5 Tips for Bike Commuting in Calgary

Make this easy, breezy form of transportation even easier and breezier.

Illustration by Pablo Iglesias.

When I started bike commuting in Calgary, we didn’t have newfangled bike lanes and it was uphill both ways (thanks, river valley). Now, 14 years later, bike infrastructure is way better and the hills… continue to build character and muscle. Cycling remains my favourite way to get around.

Calgary has an astonishing 850 kilometres of regional pathways, including cycling and multi-use paths, bike lanes and designated bike routes. Of that, 500 km is cleared within 24 hours of snowfall ending. It’s easier to bike from A to B than many Calgarians realize. You don’t need to be super fit or spandexed-up to cycle commute (I know I’m not), but a little bit of know-how improves the experience.


Plan your route.

The City of Calgary has a good bikeway map online. Give your route a dry run on a non-work day. Clock your time, check your sweat level and plan accordingly, including where you will store your bike.


Consider a bike computer.

This device helps you observe posted pathway speeds and log your mileage (a great motivator). You can spend from $20 for the basics up to $400 for a machine that talks to satellites and listens to your heartbeat.


Learn to patch a tire and fix a chain.

Several organizations and shops offer bike-maintenance courses, including the University of Calgary Outdoor Centre, MEC and Bow Cycle.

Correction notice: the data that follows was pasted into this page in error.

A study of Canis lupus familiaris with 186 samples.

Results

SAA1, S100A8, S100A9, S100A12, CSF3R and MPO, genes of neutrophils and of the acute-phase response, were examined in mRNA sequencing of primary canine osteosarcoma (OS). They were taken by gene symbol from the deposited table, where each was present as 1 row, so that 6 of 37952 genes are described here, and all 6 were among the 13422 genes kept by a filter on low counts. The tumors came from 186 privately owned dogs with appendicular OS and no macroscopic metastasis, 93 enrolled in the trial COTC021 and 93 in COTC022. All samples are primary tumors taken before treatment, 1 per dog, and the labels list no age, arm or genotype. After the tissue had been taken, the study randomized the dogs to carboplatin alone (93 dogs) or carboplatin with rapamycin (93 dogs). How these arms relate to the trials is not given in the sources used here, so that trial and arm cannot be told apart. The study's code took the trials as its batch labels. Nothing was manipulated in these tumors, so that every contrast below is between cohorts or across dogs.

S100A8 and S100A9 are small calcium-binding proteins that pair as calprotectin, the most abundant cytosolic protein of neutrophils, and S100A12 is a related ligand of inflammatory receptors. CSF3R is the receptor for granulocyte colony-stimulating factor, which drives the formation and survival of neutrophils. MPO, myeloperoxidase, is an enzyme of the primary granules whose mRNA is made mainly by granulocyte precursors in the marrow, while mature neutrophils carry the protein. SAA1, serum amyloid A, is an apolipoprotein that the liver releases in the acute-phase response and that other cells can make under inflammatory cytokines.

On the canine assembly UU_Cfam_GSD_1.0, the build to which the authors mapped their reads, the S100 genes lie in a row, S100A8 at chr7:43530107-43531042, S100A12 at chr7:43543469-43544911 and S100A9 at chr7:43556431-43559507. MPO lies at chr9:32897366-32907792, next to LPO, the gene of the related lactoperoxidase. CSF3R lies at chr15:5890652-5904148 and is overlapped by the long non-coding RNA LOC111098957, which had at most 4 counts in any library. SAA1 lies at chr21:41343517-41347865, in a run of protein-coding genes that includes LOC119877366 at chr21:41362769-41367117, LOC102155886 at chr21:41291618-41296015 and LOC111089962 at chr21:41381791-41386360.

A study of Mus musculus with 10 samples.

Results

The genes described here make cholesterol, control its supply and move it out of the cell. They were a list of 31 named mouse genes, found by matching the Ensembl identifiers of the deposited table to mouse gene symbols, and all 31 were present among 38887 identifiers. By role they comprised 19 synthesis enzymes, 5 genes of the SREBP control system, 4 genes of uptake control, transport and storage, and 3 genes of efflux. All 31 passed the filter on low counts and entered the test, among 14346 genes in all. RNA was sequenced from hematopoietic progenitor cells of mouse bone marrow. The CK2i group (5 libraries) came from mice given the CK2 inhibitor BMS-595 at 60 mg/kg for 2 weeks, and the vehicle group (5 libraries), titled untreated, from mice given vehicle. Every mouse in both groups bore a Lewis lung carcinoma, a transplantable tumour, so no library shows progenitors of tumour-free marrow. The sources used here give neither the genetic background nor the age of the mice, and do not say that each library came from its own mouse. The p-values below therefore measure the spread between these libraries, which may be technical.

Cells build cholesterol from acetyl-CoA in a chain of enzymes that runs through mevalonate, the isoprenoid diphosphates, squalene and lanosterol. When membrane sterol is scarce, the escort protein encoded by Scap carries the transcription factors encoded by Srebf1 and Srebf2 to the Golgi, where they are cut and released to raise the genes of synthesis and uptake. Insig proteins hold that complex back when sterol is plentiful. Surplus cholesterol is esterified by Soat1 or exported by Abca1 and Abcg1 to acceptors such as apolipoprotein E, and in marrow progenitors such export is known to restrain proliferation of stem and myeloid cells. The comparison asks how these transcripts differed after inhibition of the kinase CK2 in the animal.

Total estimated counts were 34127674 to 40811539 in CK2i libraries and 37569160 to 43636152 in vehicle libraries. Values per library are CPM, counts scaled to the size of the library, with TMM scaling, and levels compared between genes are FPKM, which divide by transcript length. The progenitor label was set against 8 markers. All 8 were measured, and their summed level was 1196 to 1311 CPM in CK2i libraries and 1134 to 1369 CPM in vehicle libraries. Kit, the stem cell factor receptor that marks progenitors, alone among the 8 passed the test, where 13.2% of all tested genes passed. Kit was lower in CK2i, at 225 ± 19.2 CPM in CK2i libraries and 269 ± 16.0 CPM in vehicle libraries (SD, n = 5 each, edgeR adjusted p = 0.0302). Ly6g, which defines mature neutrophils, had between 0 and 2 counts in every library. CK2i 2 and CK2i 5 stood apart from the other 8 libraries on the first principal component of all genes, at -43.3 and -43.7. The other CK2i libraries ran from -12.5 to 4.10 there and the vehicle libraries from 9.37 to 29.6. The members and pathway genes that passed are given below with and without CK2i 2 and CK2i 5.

Play nice.

Follow the rules of the road, use arm signals and be courteous. If you’re rusty, refresh your urban-cycling skills with
a course at Safer Cycling Calgary.


Talk about it.

Not to your non-cycling colleagues, of course, but to fellow riders. The Bike Calgary forums are great places to swap daily commuting tips, and Calgary-based cycling blog Shifter will help you dive into urban bike culture.



Essential Gear


Treat yourself to all the snug shorts, cup holders and handlebar streamers you like — there are only a few items you need to bike commute.


Sturdy lock

U-locks are considered the most secure, but flexible cable locks can be easier to weave around weird bike racks, of which Calgary has an abundance.
Knog Party Coil, $39 from MEC, 830 10 Ave. S.W., 403-269-2420 and 710, 19587 Seton Cr. S.E., 403-523-7258, mec.ca


A helmet

And maybe some dry shampoo.
Specialized Tactic II helmet, $130 from The Bike Shop, three locations in Calgary with a fourth opening soon, thebikeshop.com


A bell

A bell or horn is a legal requirement. (Cuteness factor is up to you.)

Copper bell, $24 from Recess Shop, 1323 9 Ave. S.E., 587-433-4226, recessshop.ca


Front and back lights

Front and back lights (for nighttime and overcast days) are also required to keep you and others safer.

Bontrager Ion 100 R/Flare R City lights, $95 from Ridley’s Cycle, 223 10 St. N.W., 403-283-1421, ridleys.com


A bag, basket or pannier

There are many, many options, so go with whatever fits your stuff and feels comfortable when you’re cycling.

45 North Basket, $50 from Bike Bike, 3 1439 10 Ave. S.E., 403-457-2453, bikebike.ca

From the Urban Survival Guide in Avenue Calgary’s January 2019 issue.

Learn more about the people and organizations moving Calgary forward with Avenue's Innovation Newsletter.